Class D16 on the Pennsylvania Railroad was their final development of the 4-4-0 "American" type of steam locomotive. A total of 429 of these locomotives were built, spread across five subclasses; some had 80 in (2,030 mm) diameter driving wheels for service in level territory, while others had 68 in (1,730 mm) drivers for mountainous terrain. In the pre-1895 scheme, these locomotives were second class L.
Construction continued until 1910, and the locomotives, aided by a rebuild program from 1914, remained in service in large numbers until the 1930s, a small number surviving into the 1940s. One locomotive, #1223, was preserved and is currently on display.
These locomotives were originally conceived as an enlargement of the earlier class P (later reclassified D14) and were an extremely large and powerful locomotive for the period. Breaking with the traditional 4-4-0 layout with a low-slung boiler and the firebox between the frames, the class L design had a large Belpaire firebox above the frames and a large high-mounted boiler. The high center of gravity proved to offer an exceptional high-speed ride.
The design was the product of three men; general superintendent of motive power Frank D. Casaneve, chief mechanical engineer Axel S. Vogt, and chief of motive power Theodore N. Ely, Casaneve supervising the overall design, Vogt perfecting the mechanical details and Ely paying more attention to the appearance and external detail.
Two versions were conceived, reflecting the variety of terrain the PRR traversed; a high-drivered version for flat terrain with 80 in (2,030 mm) wheels and a low-drivered version for hilly terrain with 68 in (1,730 mm) wheels. The versions had tractive effort ratings of 17,500 lbf (77.84 kN) and 20,600 lbf (91.63 kN), respectively. In the reclassification of 1895, the 68-inch drivered locomotives became class D16 and the 80-inch became D16a.
73 of the high-drivered D16a subclass were built between 1895–1898, and 6 of class D16 in 1896. A slightly revised low-drivered subclass D16b was constructed to the tune of 262 examples between 1900–1908, as well as 12 high-drivered D16c in 1900 and 45 high-drivered D16d between 1900–1910.
As the American (4-4-0) type was displaced from top-flight service to secondary duties, tractive effort became more important than top speed. Large numbers of the high-drivered locomotives were converted to low-drivered; 76 D16a and D16c were converted to subclass D16, while 9 of class D16d were converted to D16b specification; this left only a small number of locomotives with 80-inch drivers.
In 1914, the PRR experimentally rebuilt D16b #178 in the Altoona Shops, giving it superheat for greater power and efficiency. This necessitated replacing the slide-valve equipped cylinders, the lubrication of which was incompatible with the hotter, dryer superheated steam, with piston valves and slightly larger cylinders. Steam pressure was reduced by 10 psi (0.7 bar) to 175 psi (12.07 bar). Tractive effort increased to 23,900 lbf (106.31 kN) from 20,600 lbf (91.63 kN). The rebuilt locomotive was classified D16sb, the "s" referring to superheat.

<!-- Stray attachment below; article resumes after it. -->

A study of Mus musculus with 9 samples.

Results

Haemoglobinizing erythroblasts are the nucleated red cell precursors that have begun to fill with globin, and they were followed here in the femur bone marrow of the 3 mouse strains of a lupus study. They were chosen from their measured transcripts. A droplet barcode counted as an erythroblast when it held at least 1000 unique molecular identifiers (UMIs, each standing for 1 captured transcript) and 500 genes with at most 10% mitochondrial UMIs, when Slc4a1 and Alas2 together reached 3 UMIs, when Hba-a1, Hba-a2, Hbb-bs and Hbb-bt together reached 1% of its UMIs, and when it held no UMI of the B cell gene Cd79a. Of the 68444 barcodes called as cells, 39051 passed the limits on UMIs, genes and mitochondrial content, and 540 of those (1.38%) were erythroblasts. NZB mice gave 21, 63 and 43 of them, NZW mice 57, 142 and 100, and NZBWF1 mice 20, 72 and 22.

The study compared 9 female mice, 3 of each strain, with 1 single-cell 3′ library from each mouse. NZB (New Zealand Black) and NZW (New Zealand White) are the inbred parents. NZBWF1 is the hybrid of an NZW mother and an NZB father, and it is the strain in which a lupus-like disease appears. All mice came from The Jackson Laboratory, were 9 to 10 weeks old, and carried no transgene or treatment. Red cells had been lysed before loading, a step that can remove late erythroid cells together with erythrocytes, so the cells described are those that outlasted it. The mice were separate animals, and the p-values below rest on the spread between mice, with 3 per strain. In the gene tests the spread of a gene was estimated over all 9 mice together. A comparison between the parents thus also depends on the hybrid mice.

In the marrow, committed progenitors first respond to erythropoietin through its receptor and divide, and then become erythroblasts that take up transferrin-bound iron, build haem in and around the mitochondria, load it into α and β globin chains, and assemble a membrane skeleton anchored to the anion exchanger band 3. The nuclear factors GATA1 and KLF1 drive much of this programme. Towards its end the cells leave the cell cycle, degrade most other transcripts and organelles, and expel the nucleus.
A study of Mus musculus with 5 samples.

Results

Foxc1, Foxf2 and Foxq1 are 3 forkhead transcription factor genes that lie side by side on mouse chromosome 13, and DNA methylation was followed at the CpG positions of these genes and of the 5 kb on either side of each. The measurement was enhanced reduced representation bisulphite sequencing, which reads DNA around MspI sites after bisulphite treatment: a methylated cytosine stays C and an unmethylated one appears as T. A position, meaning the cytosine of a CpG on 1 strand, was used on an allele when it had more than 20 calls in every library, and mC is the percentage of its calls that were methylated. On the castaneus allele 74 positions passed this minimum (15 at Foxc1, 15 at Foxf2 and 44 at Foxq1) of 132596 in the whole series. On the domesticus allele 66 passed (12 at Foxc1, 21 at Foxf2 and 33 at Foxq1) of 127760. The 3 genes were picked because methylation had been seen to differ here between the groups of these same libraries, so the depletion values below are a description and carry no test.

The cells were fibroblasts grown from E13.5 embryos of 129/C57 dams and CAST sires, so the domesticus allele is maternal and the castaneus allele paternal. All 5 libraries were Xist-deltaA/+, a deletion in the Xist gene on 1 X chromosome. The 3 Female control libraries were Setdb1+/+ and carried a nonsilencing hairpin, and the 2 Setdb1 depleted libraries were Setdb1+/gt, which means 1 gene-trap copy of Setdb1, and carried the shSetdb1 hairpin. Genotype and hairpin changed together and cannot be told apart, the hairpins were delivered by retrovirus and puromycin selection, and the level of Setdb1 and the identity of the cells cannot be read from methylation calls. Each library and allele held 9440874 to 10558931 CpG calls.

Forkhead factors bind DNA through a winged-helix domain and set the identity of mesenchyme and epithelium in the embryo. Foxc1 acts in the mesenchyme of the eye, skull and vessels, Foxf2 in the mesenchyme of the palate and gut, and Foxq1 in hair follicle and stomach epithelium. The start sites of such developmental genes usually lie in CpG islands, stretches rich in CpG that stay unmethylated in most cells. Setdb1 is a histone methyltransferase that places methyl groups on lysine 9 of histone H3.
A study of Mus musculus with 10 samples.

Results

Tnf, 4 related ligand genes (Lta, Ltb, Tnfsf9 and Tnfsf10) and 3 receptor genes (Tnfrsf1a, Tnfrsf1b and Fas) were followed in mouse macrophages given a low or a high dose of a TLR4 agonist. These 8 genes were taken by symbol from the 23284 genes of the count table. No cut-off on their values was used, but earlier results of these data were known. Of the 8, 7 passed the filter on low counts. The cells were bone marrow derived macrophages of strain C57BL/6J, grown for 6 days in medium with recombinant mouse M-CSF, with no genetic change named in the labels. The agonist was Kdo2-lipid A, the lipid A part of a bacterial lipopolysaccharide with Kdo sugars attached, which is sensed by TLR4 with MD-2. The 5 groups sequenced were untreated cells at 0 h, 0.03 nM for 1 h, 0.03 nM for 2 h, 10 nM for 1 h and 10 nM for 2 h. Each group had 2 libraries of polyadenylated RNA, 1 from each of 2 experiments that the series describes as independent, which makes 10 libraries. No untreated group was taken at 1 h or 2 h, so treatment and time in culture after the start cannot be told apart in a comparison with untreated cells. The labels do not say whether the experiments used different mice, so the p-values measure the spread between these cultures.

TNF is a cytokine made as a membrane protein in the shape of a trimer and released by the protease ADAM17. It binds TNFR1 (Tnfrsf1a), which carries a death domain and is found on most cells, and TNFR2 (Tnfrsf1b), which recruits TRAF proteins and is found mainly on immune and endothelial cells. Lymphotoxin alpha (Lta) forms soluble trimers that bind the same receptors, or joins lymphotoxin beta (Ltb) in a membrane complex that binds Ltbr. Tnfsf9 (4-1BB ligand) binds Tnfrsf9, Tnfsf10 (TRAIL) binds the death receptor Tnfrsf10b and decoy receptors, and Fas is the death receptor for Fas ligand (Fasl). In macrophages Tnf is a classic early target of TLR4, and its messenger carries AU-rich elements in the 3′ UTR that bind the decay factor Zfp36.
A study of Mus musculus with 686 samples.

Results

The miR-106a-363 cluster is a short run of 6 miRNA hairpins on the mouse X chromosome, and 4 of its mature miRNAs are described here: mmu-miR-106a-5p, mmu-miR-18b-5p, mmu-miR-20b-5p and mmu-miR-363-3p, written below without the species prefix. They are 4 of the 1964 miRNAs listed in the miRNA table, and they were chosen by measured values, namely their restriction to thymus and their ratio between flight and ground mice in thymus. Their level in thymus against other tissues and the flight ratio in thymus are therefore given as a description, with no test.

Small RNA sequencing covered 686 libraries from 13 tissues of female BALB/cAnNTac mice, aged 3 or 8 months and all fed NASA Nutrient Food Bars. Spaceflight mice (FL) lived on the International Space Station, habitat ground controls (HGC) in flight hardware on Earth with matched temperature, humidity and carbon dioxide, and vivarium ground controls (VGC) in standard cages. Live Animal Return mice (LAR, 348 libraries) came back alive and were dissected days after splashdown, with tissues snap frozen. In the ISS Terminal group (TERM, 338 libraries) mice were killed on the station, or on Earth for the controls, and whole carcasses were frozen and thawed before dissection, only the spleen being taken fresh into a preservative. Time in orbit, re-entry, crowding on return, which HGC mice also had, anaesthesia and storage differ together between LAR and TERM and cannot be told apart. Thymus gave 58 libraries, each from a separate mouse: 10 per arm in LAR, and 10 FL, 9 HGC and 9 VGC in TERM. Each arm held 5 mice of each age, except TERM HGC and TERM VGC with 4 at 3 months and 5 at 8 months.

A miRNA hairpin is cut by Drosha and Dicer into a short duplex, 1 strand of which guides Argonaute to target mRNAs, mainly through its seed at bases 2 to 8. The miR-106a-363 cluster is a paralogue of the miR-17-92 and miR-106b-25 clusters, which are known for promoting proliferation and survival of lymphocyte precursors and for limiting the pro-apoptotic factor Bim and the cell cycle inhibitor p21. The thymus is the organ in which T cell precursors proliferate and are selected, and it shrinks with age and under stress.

The conversion proving a success, over the next few years 241 locomotives of various D16 sub-classes were converted to D16sb configuration, with 68-inch drivers. In addition, a number of high-drivered locomotives were rebuilt; these were classified D16sd.
Even by the early 1900s the 4-4-0 type was becoming eclipsed by larger types such as 4-4-2 "Atlantics" in top-flight service, and the D16 locomotives became stalwarts on more pedestrian services; slower trains, locals, branch line service, and commuter services. The rebuilds to D16sb and D16sd gave them a new lease of life in such service, and even by December 1929 there were still 143 examples in operation, mostly in the Eastern and Central Regions. A number were sold to the small Kishacoquillas Valley Railroad in Belleville, Pennsylvania, and the quantities in service with the PRR dwindled progressively as train lengths increased and newer locomotives trickled down, especially with the reduced traffic of Depression years and with steam locomotives made surplus by the railroad's electrification projects.
The last of the PRR's American types were found on the branch lines of the Delmarva Division, on the Delmarva Peninsula, encompassing parts of the U.S. states of Maryland, Delaware and Virginia. Three locomotives were left at the beginning of World War II, numbers 1035, 1223 and 5079; of these, only 1223 retained its slatted passenger pilot. This locomotive, a 1905 product of the Juniata Shops, was selected by the railroad for preservation as a historic artifact and was stored at Wilmington, Delaware until 1951, following which it was placed in the PRR's historic collection in the roundhouse at Northumberland, Pennsylvania.
In 1960, the 1223 was leased and transferred to the Strasburg Rail Road, a tourist line in the Amish hamlet of Strasburg, Pennsylvania, where it was returned to operating condition. It operated tourist trains there until 1989, successively leased by the PRR, its successor Penn Central from 1968, and the Railroad Museum of Pennsylvania from 1979. While in operation, it had Strasburg Railroad lettering on both cab sides below the number.
Survivor D16sb #1223 is now a restored static exhibit at the Railroad Museum of Pennsylvania, near Strasburg and the Strasburg Rail Road on which it operated for many years.